When discrimination is race-based, we call it racism; when it's gender-based, we call it sexism. Somebodies and Nobodies introduces rank-based discrimination - or "rankism" - a form of injustice that everyone knows, but no one sees. It explains our reluctance to confront rankism, shows where analyses based on identity fall short and, using dozens of examples, traces many forms of injustice and unfairness to rankism.
Anchored by a pair of interlocking love stories, this unflinching novel of ideas brims with passionate quests, revelatory failures, and inextinguishable hope. The Rowan Tree is an inspirational tour de force that reaches from the rebellious American '60s into humanity's global future. Soul-searching treks around the world intersect with campus revolution, basketball, math, ballet, and a destined rise to the White House. Love runs ahead of politics and lights the way for nations to follow.
Rank-based abuse, or rankism, is as old as time, and takes its toll on everyone. Topics explored in this dialogue include: how you can stop the exploitation of rank, ways to address rankism in your life, how rankism relates to freedom and democracy, why rankism is often unconscious behavior, and how rankism connects to addiction.
Rank has legitimate rights. When rank has been earned and signifies excellence, then it's generally accepted, and rightfully so. But the power of rank is often abused. The abuse of rank, or of power, is rankism. Treating others as invisible, as "nobodies", - insulting someone's dignity - that's rankism. Most of us have felt its sting; most have dished it out in some form.
It is an extraordinary time. The tragic events of September 11, 2001 have propelled us all into a new cycle of our personal, national, and global lives. It will never be the same. There is no "normal" to get back to. Life is in this country is changed forever, and it seems clear that we have entered an era in which new questions need to be asked, because there are no easy answers or quick fixes.
This audiobook tells the story of how viniculture in America was started and sustained by a broad spectrum of religious denominations. In the process, it offers new insights into the special relationship between wine production and consumption and the spiritual dimension of human experience.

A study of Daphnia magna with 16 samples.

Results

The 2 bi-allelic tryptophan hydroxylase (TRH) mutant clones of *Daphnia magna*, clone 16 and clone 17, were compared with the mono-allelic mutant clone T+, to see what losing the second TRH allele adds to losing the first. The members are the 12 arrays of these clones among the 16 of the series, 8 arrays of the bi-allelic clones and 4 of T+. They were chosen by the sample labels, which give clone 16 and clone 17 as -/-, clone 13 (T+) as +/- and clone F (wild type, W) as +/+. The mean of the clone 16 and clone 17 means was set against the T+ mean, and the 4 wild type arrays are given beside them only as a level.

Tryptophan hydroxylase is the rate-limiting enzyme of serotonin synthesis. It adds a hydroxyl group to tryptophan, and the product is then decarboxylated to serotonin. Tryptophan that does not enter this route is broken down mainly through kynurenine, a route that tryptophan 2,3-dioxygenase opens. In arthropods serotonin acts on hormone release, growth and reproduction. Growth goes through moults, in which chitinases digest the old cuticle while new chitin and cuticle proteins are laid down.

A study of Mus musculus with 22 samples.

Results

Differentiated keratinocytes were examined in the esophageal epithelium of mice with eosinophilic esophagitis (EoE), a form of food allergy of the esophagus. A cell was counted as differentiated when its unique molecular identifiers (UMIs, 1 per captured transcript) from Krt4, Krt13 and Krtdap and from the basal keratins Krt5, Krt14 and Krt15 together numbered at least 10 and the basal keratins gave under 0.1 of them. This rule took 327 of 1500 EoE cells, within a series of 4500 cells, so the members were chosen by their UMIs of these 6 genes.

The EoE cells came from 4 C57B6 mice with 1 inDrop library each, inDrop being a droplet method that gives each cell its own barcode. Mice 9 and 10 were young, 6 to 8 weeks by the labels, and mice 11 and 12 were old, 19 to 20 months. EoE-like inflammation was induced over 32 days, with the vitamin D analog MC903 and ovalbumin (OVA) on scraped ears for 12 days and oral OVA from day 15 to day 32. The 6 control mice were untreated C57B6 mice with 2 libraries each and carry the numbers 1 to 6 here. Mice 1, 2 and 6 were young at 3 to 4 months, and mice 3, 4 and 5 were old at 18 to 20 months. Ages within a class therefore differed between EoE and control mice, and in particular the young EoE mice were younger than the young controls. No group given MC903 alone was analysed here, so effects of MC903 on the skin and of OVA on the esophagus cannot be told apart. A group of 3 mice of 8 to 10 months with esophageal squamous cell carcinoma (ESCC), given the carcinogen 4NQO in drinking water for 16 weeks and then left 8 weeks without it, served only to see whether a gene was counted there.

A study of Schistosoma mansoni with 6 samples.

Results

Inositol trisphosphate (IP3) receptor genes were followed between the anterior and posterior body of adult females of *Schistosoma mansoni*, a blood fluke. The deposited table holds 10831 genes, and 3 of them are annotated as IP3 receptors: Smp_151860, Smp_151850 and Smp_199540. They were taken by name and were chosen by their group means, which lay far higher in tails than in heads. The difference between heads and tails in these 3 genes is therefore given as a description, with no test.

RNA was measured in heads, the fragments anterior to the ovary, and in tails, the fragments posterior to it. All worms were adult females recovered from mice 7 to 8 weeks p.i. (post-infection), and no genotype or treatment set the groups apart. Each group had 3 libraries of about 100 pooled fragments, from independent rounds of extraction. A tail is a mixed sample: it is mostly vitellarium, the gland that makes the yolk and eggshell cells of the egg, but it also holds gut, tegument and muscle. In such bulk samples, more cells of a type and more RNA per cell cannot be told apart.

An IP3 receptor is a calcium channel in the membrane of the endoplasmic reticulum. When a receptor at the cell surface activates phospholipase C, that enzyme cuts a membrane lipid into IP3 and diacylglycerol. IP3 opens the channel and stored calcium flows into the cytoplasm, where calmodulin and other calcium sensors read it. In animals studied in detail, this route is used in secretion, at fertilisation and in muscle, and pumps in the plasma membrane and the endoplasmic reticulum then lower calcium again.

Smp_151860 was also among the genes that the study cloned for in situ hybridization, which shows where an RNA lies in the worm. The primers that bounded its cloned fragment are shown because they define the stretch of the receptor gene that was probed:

As the founder of the Mo Tzu Project, Bob Fuller travels the planet as a citizen diplomat, searching out the roots of conflict in the hope of learning what can be done to make peace a reality, not just a dream. He has the rare ability to cut through the usual rhetoric we hear, and reveal, clearly and concisely, perspectives that often are so basic and simple we cannot imagine why they aren't more widely accepted.
The Afghan-Soviet War could be called an "invisible war", since it is largely unnoticed in the West. Yet more than five million Afghans are refugees, and estimates of the dead range from one to two million. Here two principals of the Mo Tzu Project, a citizens diplomacy endeavor, who have recently visited the Afghan refugee camps on the Afghan-Pakistani border, report the facts as they have observed them.
We've all felt the sting of rankism - at the hands of a dictatorial boss, a condescending teacher, an arrogant doctor, or an imperious bureaucrat. And most of us have inflicted it on someone else. We are, all of us, both victims and perpetrators of rankism, and Robert Fuller argues that it's time for a novel, all-encompassing strategy to confront it in all its guises.
What makes power tick and how does it become entrenched and abused? Power corrupts and absolute power corrupts absolutely, so the saying goes. What lies beneath power? In this dialogue, Robert Fuller points to a hidden form of discrimination that everyone knows but no one sees: discrimination based on rank.
We all want to "be somebody". But often, those who become somebody become statues, trapped in an identity that doesn't allow them to change or grow. Robert Fuller talks about his own struggle with being a nobody between periods of high recognition and status.
This is an inspiring, engrossing tale of one man's odyssey from physics professor and college president to citizen diplomat, a search for "a better game than war". Fresh, candid, and compassionate, he challenges us all in new ways to find our passion and respond to it, to think about our values and the nature of change and risk.
Formulas for ending war are as old as war itself; yet war continues. What is the missing realization, the breakthrough that will lay to rest, once and for all, humanity's war-mongering impulse? Perhaps it is the awareness of our own fascination with war, and the creation of "a better game" - some exciting endeavor that is decidedly more benign.
What happens when one spouse intimidates his or her partner day after day after day? What impact does it have if an employee's dignity is stripped away by abusive corporate policies? When a powerful government flexes its muscle against weaker nations, what price will it pay? These are questions Robert Fuller explores in his discussion of "rankism", defined as the abuse of power inherent in rank.